Undergirding my childhood eschatology was Charles Anderson’s now-famous painting, which was commissioned in 1973 by Leon and Ruth Bates of the Bible Believers’ Evangelistic Association. “The Rapture” depicts a glorified Jesus hovering over a city skyline. White-robed Christians are painted in mid-rapture*, which results in empty graves (presumably verified to be empty upon inspection by unsaved family members) and vehicular carnage as Christian drivers and pilots are whisked away to meet their Savior in the sky. When “other-worldly” images such as these – or, alternatively, bad Christian novels adapted into bad Christian movies staring Kirk Cameron – pervade the Evangelical church, it is quite easy to see why so many Evangelicals retain the premillennial, pretribulational eschatology with which they were first fed. The visually-striking mind-pictures conjured up by this eschatological paradigm can be extremely powerful, so much so that any competing eschatology is dismissed immediately as unbiblical.
Like the entire creation/evolution debate, eschatology was not heavily stressed in my home. Perhaps it was because my father was somewhat agnostic at the time as to the timing of the Rapture in relation to the Great Tribulation. (Later on, in my still-pretrib college years, he surprised me with a paper he wrote for one of his seminary classes that argued for a midtribulational rapture.) Nevertheless, none of the churches which I attended as a boy did anything to provide me with a more comprehensive understanding of various End Times scenarios. From Winnetka Bible Church in the Chicago suburbs to Bloomington, Indiana’s Evangelical Community Church to South Church (formerly South Baptist Church) of Lansing, Michigan, never once did I ever encounter a discussion during the weekly sermon or Sunday school class that treated me to an objective look at eschatological systems that competed with their belief in the premillennial return of Jesus. (I can certainly understand why, for such a study would consume a massive amount of time – time better served protecting flocks against theological paradigms that their spiritual shepherds believe are incorrect and spiritually damaging.)
Aside from various mentions in Sunday school of Jesus’ imminent return at Winnetka Bible Church, my first detailed exposure to eschatological occurred at the age of eight while attending Sunday school in Bloomington. I remember very distinctly one of my childhood friends giggling uncontrollably while pointing out various mentions of women’s breasts in the Song of Solomon. What a find! However, he also pointed out something even more exciting than biblical mammary glands: a detailed description in Revelation 13 of a seven-headed, ten-horned Satan! Although I know now that my friend was incorrect in identifying who (or what) was being spoken of in this passage, it was a very formative moment – one that underscores the extreme influence passages removed from their cultural and canonical contexts can have on young, formative minds. (For that matter, I certainly never forgot where those sacred boobies were located.)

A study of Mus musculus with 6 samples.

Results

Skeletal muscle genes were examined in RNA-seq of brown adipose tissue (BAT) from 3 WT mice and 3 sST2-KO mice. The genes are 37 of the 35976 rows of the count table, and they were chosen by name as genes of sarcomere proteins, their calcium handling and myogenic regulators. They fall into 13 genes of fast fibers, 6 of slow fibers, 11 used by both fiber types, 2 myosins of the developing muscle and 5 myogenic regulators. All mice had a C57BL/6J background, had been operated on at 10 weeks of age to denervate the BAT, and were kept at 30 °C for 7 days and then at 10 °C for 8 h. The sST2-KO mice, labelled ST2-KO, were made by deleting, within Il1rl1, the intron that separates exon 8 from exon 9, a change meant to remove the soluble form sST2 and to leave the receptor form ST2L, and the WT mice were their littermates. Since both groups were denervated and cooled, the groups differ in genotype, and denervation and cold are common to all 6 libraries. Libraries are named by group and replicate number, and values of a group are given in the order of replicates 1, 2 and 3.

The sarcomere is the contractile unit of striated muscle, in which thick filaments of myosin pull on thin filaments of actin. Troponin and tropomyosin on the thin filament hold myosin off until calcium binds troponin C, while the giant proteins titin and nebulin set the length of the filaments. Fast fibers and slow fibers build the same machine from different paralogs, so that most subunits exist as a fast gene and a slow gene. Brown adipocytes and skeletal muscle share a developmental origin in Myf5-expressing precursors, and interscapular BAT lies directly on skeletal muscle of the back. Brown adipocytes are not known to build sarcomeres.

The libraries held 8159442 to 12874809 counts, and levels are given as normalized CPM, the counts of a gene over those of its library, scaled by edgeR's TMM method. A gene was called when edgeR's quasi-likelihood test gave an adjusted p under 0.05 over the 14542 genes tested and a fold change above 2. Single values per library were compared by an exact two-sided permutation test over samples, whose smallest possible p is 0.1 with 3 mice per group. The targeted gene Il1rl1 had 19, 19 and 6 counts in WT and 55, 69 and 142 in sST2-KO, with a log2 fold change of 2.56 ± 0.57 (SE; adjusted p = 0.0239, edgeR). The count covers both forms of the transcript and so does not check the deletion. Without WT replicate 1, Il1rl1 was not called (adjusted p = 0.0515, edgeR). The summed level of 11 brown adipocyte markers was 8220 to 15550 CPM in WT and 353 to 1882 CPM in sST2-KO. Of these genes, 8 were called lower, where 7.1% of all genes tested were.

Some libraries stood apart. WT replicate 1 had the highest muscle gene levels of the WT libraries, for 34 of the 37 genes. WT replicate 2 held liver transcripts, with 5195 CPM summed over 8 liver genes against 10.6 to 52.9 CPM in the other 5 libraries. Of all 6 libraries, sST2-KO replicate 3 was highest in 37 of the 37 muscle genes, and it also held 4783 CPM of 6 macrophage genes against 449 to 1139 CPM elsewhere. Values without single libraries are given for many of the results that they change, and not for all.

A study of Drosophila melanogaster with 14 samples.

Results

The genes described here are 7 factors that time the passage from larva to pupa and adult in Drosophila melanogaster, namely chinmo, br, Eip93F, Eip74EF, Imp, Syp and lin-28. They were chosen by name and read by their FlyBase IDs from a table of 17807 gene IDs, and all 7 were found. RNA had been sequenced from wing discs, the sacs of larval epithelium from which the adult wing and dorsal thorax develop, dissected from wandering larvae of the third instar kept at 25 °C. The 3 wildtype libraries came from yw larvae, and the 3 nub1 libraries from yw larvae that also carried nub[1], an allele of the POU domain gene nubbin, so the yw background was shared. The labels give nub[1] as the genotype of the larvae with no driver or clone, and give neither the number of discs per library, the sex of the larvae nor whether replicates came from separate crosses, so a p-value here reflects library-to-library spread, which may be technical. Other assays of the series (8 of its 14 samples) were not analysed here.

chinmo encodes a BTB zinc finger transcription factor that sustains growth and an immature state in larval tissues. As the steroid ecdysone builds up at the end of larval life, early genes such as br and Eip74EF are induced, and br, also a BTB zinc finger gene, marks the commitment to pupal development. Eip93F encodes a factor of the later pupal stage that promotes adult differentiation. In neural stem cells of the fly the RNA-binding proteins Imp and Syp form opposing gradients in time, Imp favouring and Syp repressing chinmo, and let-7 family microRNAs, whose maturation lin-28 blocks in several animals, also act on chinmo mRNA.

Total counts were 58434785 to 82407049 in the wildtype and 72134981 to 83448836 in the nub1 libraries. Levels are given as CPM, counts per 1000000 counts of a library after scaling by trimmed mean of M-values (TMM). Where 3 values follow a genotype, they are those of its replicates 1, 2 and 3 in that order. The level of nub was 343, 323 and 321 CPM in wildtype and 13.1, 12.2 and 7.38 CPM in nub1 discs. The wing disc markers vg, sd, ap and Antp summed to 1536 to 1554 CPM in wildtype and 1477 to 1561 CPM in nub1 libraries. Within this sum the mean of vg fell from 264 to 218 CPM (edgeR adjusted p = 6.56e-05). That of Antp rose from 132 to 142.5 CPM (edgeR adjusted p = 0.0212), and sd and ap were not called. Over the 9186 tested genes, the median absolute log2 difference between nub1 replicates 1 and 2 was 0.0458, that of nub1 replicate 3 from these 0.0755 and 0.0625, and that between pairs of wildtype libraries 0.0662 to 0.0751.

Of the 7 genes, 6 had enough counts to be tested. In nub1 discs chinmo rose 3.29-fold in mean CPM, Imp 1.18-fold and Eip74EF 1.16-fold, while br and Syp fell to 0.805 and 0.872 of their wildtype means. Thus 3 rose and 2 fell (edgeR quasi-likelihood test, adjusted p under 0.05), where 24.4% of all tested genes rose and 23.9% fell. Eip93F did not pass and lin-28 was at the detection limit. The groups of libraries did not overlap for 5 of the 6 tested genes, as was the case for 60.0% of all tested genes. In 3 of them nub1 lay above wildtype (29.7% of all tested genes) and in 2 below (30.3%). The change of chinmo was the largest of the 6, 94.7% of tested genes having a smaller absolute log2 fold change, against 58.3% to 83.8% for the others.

It wasn’t until a year later – after our move to Michigan, and about the time my father piqued my interest in biblical studies by presenting me with Henry Morris’ commentary on Genesis, The Genesis Record – that I was exposed to more systematic approaches to the End Times. In addition to borrowing a copy of Hal Lindsey’s The Late Great Planet Earth from a friend, Morris’ commentary on Genesis also provided me with a healthy (?) dose of premillennialism in its attempt to intimately tie its young-earth creationist treatment of Genesis with the book of Revelation. Further immersing me into premillennial eschatology were the occasional viewings at my church of the 1972 film A Thief in the Night and its three sequels: A Distant Thunder (1978), Image of the Beast (1980), and The Prodigal Planet (1983). Despite the cheesy production standards, the series’ writer, Russell S. Doughten, did a phenomenal job impacting a generation of believers by weaving scattered and unrelated eschatological passages into a horrific, violent narrative that potentially exists just over history’s horizon. Enhanced by a significant amount of imaginative material designed to fill in the “blanks” that exist in premillennial eschatology – well, those images became seared permanently into my eschatological psyche. Even today, there is still something inside of me that is allured by such grandiose storytelling.
I have a question for my readers who have rejected and moved beyond premillennial eschatology as I have: Do you also find yourself strangely attracted to such End Times scenarios despite your intellectual and spiritual aversion to them?
* Rapture is a term derived from the Latin verb rapere, which translates the Koine Greek verb ἁρπάζω (harpazo), which means “to snatch away, to seize hastily.” First Thessalonians 4:17, the verse that inspired Anderson’s painting, uses the verb form ἁρπαγησόμεθα (harpagēsometha).